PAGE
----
I want to study the calculus of variations. I understand this to be a "more advanced version" of calculus, in the sense that we maximize functionals (functions of functions), by choosing a particular function, rather than maximizing a function, by choosing a particular variable.

Two questions about this:

  1. I read online that the calculus of variations $(1)$ is a special case of "Optimal Control Theory" $(2)$, which in turn is a part of "control theory" $(3)$. However, I understand control theory to be about dynamical systems (in engineering), and how to set a variable in order to control other variables in that system in some way (is that correct?). So it is not entirely clear to me what the relation is between $(1), (2), (3)$?
  2. Also: Is it recommendable to study calculus of variations first, and then study Optimal Control Theory? Or is it old-fashioned to study calculus of variations in isolation?

  3. What do you think is the best resource for studying the calculus of variations, given my background? (or optimal control theory, depending on your answer to the above).

My background: I have mostly knowledge of applied mathematics (multivariable calculus for physics and economics, linear algebra, differential equations, PDE's), and some rudimentary knowledge of pure math (analysis 101, algebra 101, mathematical logic).


1 Answer 1


Calculus of variation is a special case of optimal control theory in a particular sense.

Consider, Dido's iso-perimetric problem (colloquially said to be the oldest calculus of variation problem) which can be viewed as an optimal control problem, in the sense that what you get to control is the 'shape' of the curve, and your objective is to maximize the area.

Similarly, another classic problem in calculus of variation is the Brachistochrone Problem which got much attention from the likes of Newton, Bernoullis, Leibniz etc. Again in this case, we can consider the control to be the shape of the curve, and the objective to minimize time.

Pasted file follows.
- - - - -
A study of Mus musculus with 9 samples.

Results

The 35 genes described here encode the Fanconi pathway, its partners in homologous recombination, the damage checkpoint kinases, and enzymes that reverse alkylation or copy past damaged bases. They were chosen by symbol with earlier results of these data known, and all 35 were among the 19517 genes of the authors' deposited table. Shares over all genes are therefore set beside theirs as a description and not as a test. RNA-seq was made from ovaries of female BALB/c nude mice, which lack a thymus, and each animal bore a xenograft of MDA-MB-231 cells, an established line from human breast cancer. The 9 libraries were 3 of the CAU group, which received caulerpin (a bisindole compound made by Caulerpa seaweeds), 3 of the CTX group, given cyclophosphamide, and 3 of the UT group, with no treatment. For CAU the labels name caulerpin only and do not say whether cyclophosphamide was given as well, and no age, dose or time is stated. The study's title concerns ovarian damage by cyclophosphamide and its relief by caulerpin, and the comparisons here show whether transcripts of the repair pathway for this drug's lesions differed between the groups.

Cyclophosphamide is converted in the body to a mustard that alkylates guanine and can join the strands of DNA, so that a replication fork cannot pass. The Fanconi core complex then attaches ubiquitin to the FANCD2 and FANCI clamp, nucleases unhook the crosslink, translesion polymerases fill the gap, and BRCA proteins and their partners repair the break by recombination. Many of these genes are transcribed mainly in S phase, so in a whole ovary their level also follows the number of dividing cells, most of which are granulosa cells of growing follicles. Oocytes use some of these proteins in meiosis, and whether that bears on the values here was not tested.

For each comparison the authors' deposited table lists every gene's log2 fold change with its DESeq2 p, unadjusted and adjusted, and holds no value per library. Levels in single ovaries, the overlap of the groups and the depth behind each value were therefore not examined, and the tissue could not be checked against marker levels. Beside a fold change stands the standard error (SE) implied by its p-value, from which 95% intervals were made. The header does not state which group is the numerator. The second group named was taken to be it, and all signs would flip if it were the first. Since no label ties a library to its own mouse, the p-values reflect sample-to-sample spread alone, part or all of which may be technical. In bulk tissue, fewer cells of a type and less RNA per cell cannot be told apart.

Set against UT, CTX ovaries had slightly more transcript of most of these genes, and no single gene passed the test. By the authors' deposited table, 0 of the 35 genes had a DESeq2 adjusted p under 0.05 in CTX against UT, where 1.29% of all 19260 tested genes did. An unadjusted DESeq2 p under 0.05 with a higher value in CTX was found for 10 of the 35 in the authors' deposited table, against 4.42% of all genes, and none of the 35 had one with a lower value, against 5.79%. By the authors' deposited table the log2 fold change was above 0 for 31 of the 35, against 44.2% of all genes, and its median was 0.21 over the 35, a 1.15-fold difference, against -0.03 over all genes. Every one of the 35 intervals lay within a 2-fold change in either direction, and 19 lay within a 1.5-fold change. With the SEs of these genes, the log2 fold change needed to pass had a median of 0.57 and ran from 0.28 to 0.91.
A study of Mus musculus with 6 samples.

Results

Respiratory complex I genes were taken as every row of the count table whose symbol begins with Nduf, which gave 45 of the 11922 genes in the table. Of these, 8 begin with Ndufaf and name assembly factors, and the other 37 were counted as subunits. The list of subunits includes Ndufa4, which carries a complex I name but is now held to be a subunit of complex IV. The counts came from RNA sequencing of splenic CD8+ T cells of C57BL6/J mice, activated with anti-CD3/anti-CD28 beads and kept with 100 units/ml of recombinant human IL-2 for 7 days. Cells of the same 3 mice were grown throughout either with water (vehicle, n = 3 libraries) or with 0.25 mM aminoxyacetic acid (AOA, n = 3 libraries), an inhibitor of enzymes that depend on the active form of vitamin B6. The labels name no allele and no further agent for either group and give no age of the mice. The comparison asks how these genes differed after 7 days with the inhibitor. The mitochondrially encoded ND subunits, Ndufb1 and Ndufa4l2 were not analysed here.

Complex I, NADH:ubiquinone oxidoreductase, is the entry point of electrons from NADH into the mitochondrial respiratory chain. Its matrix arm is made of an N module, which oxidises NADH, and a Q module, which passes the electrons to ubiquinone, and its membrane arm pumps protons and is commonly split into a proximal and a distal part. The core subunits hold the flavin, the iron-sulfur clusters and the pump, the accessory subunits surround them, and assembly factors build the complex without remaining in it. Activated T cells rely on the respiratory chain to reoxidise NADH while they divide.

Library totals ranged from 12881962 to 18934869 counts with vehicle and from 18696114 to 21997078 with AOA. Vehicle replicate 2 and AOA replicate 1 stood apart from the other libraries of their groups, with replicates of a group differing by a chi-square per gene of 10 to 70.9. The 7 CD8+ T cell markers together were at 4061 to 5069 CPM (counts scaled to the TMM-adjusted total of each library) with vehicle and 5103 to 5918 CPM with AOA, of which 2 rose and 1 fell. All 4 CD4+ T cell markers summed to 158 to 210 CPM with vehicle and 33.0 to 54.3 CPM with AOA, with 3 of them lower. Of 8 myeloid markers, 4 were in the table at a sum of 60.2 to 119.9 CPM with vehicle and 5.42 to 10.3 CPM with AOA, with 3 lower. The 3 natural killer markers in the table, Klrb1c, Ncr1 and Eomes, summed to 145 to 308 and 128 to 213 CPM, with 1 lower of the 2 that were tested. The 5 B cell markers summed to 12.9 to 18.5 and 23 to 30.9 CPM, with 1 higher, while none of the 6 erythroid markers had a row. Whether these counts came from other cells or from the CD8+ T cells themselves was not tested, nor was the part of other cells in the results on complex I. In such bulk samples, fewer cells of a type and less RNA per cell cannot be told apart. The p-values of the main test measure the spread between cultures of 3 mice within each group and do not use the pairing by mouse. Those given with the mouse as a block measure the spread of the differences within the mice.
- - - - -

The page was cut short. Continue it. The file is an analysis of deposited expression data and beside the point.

Now as you observed classical control theory is concerned with transfer functions, root locus, stabilization etc. Here traditionally the choice of control has been to stabilize a system, drive a system from one state to another etc. Optimality was indeed an after thought.

The field of optimal control only really took off in the 1960's due to Bellman and Pontryagin who introduced dynamic programmingand the maximum principle respectively. Of these the latter approach is specifically a great generalization of ideas from calculus of variations.

Very simplistically, in calculus of variations, we take a function from a space of functionals, 'perturb it a bit' (that is take its variation) and then derive conditions that function and the variations would satisfy if the function were optimal to begin with. So generally this gives necessary conditions (and indeed the maximum principle is a necessary condition where as the HJB equation is necessary and sufficient).

The great leap from calculus of variations to optimal control was a broad generalization of the kinds of variations we can consider. And so we say that calculus of variations is a special case of optimal control theory.

As a side note, another topic that relates calculus of variations and optimal control is principle of least action

As mentioned in the comments, Dr. Liberzon's book is an excellent introductory resource that combines both calculus of variations and optimal control in a very concise and readable form. There is a couple of chapters introducing calculus of variations and then moving into optimal control theory. So yes, studying calculus of variations first is recommended, but it needn't be a very deep study to get to optimal control. If you have a background in real and functional analysis, that should be sufficient for the Liberzon text.

If you want to study just calculus of variations I found Gelfand and Fomin to be pretty good. For a very deep study of optimal control Athans and Falb is a classic.

Other resources in no particular order are: Lectures on Calculus of Variations and Optimal Control by L.C Young, Mathematical Control Theory by E. D Sontag, Calculus of Variations and Optimal Control by G. Leitmann and lecture notes by H. Sussman.